Believe In Tomorrow


March 15, 2009|By Sloane Brown | Sloane Brown,

Aromas of various dishes floated around the Du Burns arena, as did a certain undertone of orange - thanks to a specialty Orange Crush cocktail being served at one end of the building. The sounds of rock 'n' roll reverberated off the walls, alongside that of happy chatter and laughter. But there was something else in the air at the "Fifth Annual Rock the House" party.

It was a certain warm, fuzzy feeling about the evening's beneficiary, Believe In Tomorrow Children's Foundation, which provides housing and services to critically ill children and their families, including one house just up the street in Canton.

"I think that what this organization does is so fabulous. I think a lot of people give to organizations ... that do research or help people get better. But, they forget about everything that families go through while they're trying to get their kids better," said Bonnie Aubuchon, who had organized the evening's silent auction.

"I got involved by cooking dinner at one of the houses. ... You spend a little time there, it breaks your heart. You understand what it's all about. I'd recommend it for anybody. ... It puts everything in perspective for you," said Ron Howard, a RE/MAX real estate agent.

"It's an inexpensive [party] ticket. ... for about the same price as you would spend going out to dinner ... but you can't find a better cause," noted inveterate partygoer "Downtown" Diane Macklin, who was donating her services as emcee for the third year.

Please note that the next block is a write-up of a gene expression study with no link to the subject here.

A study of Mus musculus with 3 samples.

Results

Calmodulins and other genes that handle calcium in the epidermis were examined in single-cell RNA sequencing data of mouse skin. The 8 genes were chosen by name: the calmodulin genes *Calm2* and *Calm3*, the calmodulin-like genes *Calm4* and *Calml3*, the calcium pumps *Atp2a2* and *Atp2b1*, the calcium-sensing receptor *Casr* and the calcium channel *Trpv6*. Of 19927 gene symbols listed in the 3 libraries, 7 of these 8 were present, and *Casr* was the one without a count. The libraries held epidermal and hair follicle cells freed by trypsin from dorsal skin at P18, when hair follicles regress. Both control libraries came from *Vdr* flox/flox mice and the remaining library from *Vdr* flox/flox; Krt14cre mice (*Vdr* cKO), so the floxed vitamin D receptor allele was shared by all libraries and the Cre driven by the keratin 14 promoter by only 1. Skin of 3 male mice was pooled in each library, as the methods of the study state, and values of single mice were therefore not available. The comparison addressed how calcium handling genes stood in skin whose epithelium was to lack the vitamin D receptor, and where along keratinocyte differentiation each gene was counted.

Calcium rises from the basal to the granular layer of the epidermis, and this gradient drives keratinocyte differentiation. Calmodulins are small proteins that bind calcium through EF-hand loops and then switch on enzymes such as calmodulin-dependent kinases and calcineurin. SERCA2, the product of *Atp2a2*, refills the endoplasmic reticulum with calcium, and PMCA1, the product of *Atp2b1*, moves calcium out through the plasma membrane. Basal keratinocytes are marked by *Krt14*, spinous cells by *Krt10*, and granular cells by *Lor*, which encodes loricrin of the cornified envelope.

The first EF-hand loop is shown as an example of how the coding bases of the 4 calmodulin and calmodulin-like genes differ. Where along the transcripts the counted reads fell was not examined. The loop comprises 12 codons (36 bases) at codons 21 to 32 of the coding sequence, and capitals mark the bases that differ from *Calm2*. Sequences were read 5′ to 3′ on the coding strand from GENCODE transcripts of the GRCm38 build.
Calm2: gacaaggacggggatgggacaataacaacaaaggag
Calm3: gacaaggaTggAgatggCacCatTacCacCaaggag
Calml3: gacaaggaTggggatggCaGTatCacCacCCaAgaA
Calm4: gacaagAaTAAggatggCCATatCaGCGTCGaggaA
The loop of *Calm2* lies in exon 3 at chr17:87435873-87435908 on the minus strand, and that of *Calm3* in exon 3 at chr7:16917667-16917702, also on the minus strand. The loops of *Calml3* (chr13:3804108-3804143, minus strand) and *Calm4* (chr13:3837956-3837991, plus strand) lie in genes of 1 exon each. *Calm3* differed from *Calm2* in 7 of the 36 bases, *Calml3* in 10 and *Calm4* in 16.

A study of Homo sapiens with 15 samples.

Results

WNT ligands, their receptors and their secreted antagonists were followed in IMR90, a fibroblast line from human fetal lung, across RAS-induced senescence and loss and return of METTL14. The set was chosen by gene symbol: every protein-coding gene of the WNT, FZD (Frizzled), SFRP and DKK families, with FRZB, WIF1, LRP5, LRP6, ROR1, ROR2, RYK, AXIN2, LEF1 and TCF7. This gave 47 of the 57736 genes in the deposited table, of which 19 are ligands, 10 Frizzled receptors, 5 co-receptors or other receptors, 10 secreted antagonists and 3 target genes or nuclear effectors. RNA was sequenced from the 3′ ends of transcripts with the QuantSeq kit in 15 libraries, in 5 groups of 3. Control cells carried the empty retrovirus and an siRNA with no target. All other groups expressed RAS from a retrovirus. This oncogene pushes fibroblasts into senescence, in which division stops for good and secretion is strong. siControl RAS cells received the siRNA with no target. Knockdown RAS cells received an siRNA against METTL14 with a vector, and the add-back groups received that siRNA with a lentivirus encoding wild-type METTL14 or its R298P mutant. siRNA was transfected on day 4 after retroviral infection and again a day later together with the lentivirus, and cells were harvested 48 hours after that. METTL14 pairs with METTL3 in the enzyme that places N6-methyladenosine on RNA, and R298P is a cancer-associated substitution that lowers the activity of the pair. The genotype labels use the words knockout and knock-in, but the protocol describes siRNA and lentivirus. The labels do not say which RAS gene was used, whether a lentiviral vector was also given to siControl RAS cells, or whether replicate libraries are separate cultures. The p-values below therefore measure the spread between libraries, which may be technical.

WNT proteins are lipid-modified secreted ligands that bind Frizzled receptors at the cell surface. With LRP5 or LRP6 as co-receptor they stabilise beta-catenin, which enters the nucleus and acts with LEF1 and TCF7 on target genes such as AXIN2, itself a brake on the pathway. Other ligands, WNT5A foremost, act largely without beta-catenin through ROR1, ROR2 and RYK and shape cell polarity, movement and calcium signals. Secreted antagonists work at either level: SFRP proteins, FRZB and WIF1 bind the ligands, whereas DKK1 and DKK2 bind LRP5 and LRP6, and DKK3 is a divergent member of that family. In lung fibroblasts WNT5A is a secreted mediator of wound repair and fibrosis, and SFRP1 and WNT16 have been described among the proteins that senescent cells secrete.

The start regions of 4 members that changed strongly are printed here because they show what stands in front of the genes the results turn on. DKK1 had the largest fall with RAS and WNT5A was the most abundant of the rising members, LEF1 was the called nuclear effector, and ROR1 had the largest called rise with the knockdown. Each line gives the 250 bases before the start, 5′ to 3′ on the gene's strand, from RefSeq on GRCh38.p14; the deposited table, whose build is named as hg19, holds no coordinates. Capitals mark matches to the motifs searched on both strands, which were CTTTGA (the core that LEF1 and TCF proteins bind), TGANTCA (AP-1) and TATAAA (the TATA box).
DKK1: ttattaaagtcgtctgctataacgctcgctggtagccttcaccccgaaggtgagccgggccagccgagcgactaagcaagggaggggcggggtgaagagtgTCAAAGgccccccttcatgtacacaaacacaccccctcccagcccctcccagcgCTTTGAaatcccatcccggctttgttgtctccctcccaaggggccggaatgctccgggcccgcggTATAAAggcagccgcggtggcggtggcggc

As the rock band amped up, more folks hit the dance floor. Believe In Tomorrow founder/CEO Brian Morrison warily kept his distance. Would he, too, trip the light fantastic?

"I think there's a VERY remote possibility. Very slim," he said with a laugh.

Eager arts 'students' back in school

You might think that last fall was back-to-school time. But, for a few hundred eager "students," back-to-school was last Saturday night when the Baltimore School for the Arts held its annual "Expressions!" gala. Several hundred gussied up grown-ups pile into the school, greeted by event chairmen Day and Ray Bank and school director Leslie Shepard. They grab a cocktail or two and rush off to "class."

"I'm dancing," said uber-volunteer Carole Sibel as she skedaddled up to the dance studio to join the "corps" in learning the mambo dance from West Side Story.

Interested in an instrument? Guests had their pick - brass, strings, drums, guitar. In the chorus room, a few dozen folks were belting out "Crocodile Rock."

Downstairs in the art studios, people were decorating top hats and canes. Those top hats had inspired retired D.C. school administrator Brenda Jews to wear one of her vintage hats. She looked like a work of art herself in a fantastical froth of black netting and feathers.

Design tips Some 400 fans showed up at Howard Community College to meet famed interior designer Vern Yip last Monday. He was the honoree at "Eleven, The Event" celebrating the 11th anniversary of the Ulman Cancer Fund for Young Adults. Ulman's executive director Brock Yetso says Yip contacted the organization 21/2 years ago to set up a scholarship in the name of his mother, who had just died from cancer. Yetso says the Vera Yip Memorial Scholarship can be awarded to any young adult who's been affected by cancer, to allow them to pursue higher education. Monday, Yip gave a preview screening of his HGTV Deserving Design show, in which he redecorates the Atlanta apartment of Christina Gavegnano, a cancer survivor and scholarship recipient.